Jimena Almendares, first from right to left, poses with other executive women.
The former figure skater (first from right to left) is a frequent speaker at events. Photo: @jalmendares.

Jimena Almendares, the Latina executive who stands out at Meta and Life Time Inc.

The Latina leader is a member of the Board of Directors of Life Time Inc., and an executive of Meta Products.




Almendares, a product executive at Facebook, currently works on cross-functional projects as part of the Facebook App Leads team. She is also a member of the Board of Directors at Life Time Inc., a health and fitness chain with clubs across the U.S., where she has been prominent as an advisor during the initial public offering as well as in the gym's social turnaround to home workouts amid the COVID-19 pandemic.

Almendares stated:

Emotions are actually very important for product building. People who are interacting with a device are in reality trying to achieve a goal, and they experience a lot of emotions in relation to what they’re doing.

The Mexican-born executive, who is also a three-time national figure skating champion, perfectly complements her current roles thanks to her understanding of the product and its scale. Previously, she served as Vice President of global expansion at Intuit, led the Payments Business and Quickbooks Money Movement Platform product team, and was CEO and President of Intuit Payments Inc., a subsidiary that oversees the money transmission activities licensed to Mint and Quickbooks.

“In figure skating, there was the daily discipline of looking at where you want to go and where you are right now. As an executive, it’s about seeing the long-term goal, figuring out the pieces you need to construct, and taking it one piece at a time to get to that future,” noted Almendares.

The Mexican, who began her career in Europe, with international roles in supply chain management and strategic consulting at logistics companies, such as DB Schenker and consulting firm Capgemini Ernst & Young, respectively, moved to the U.S. with a growing interest in the technology sector.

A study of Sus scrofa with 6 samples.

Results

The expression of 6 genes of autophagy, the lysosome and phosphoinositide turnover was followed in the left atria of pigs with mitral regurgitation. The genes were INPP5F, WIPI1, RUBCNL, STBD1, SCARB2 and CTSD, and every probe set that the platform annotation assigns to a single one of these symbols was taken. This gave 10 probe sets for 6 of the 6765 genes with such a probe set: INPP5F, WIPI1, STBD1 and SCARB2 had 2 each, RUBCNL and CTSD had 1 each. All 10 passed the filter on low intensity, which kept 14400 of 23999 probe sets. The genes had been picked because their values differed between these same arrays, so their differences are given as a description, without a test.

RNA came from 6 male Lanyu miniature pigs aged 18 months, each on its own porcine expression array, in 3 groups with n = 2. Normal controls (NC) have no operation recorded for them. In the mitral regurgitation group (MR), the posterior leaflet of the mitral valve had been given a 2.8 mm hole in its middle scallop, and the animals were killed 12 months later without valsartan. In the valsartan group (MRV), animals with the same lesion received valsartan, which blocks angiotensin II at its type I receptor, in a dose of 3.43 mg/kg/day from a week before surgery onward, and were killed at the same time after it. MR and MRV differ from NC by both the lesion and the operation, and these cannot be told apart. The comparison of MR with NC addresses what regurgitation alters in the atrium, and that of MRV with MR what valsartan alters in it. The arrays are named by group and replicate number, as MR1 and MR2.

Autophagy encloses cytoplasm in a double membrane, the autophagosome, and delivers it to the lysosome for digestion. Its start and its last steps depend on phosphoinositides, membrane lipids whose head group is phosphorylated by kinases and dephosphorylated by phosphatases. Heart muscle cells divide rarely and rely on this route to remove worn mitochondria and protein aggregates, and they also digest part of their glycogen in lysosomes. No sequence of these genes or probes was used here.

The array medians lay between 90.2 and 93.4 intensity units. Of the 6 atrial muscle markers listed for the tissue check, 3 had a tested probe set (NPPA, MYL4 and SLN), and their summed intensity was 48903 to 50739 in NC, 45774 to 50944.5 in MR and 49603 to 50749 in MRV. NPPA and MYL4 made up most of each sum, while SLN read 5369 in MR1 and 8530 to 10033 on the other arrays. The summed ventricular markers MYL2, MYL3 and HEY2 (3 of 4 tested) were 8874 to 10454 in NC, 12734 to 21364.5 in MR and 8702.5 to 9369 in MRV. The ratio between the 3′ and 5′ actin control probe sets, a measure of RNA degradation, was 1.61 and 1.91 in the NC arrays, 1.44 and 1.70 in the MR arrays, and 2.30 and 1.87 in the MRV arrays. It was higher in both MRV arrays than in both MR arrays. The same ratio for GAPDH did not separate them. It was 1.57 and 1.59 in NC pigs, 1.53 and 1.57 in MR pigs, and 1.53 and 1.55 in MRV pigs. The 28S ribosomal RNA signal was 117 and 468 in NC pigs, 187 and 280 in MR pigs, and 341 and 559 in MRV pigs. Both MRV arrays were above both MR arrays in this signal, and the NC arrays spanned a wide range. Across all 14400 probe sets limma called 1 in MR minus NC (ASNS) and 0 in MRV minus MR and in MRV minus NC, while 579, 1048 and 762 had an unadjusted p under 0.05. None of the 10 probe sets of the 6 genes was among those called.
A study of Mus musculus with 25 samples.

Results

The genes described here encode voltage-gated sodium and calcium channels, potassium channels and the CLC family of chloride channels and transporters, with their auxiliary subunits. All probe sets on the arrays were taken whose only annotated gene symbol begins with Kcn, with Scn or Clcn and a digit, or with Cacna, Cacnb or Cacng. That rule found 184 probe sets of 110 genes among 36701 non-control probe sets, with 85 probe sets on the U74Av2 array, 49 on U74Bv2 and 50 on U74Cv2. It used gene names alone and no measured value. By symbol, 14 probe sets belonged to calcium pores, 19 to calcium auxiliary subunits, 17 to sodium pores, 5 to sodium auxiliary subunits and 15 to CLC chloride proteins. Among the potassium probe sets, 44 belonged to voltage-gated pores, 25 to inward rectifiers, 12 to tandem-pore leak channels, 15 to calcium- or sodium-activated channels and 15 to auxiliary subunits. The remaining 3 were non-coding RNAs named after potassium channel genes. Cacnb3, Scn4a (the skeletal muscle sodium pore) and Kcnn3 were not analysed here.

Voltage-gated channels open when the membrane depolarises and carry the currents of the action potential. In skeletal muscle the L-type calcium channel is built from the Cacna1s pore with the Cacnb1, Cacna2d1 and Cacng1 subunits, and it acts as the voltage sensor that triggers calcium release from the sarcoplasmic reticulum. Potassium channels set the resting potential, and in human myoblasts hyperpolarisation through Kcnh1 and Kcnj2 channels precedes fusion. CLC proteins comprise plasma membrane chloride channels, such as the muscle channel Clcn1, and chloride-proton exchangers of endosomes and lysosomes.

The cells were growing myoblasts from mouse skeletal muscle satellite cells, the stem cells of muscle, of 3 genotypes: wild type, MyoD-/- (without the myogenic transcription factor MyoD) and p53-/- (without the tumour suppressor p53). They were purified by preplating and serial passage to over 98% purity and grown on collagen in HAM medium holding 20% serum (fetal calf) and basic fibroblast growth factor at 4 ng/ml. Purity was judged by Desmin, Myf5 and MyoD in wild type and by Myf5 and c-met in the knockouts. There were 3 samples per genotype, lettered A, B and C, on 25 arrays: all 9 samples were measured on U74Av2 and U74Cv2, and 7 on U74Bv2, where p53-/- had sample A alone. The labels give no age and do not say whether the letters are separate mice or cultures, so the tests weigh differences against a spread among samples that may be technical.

Through starring roles at firms like Zynga, Meetup, OkCupid, and Intuit, Almendares developed a leadership style that revolves around what she describes as the power of opportunity.

“In many cases, just sharing a vision for the future helps people see how they can fit into it. And a lot of the spaces they end up filling are beyond what they originally expected of their role or what they thought they could do,” highlighted Almendares.

Almendares, who is also a board member of the nonprofit Out for Undergrad, which connects LGBTQ+ college students with corporate career opportunities, sees Life Time as her true introduction to the boardroom.

“Your role changes a lot. You’re no longer in charge of the execution; you’re recommending and trying to fill the gaps in terms of the perspective the board needs,” she pointed out, referring to her role as director.

Regarding her decision to assume functions as the only woman and independent member on the Board of Directors of Life Time, in addition to her role in Meta, Almendares made the right decision and invited other women to also do so.

“I’m really glad that I didn’t listen to my less confident self. I often hear from women that they’re interested in boards, but they don’t know when to start. The answer is that board careers are a journey. The sooner you start, the better a board member you will be,” underlined the Mexican executive.

Almendares has an MBA from MIT, and an MA and BA from the Institut d'Etudes Politiques de Paris. She was also recently awarded with the 2020 Fast Company Queer 50, 2019 Latino Leadership Award (by the Silicon Valley Business Journal) and the 30 Under 40 (by Expansión/CNN Magazine Mexico).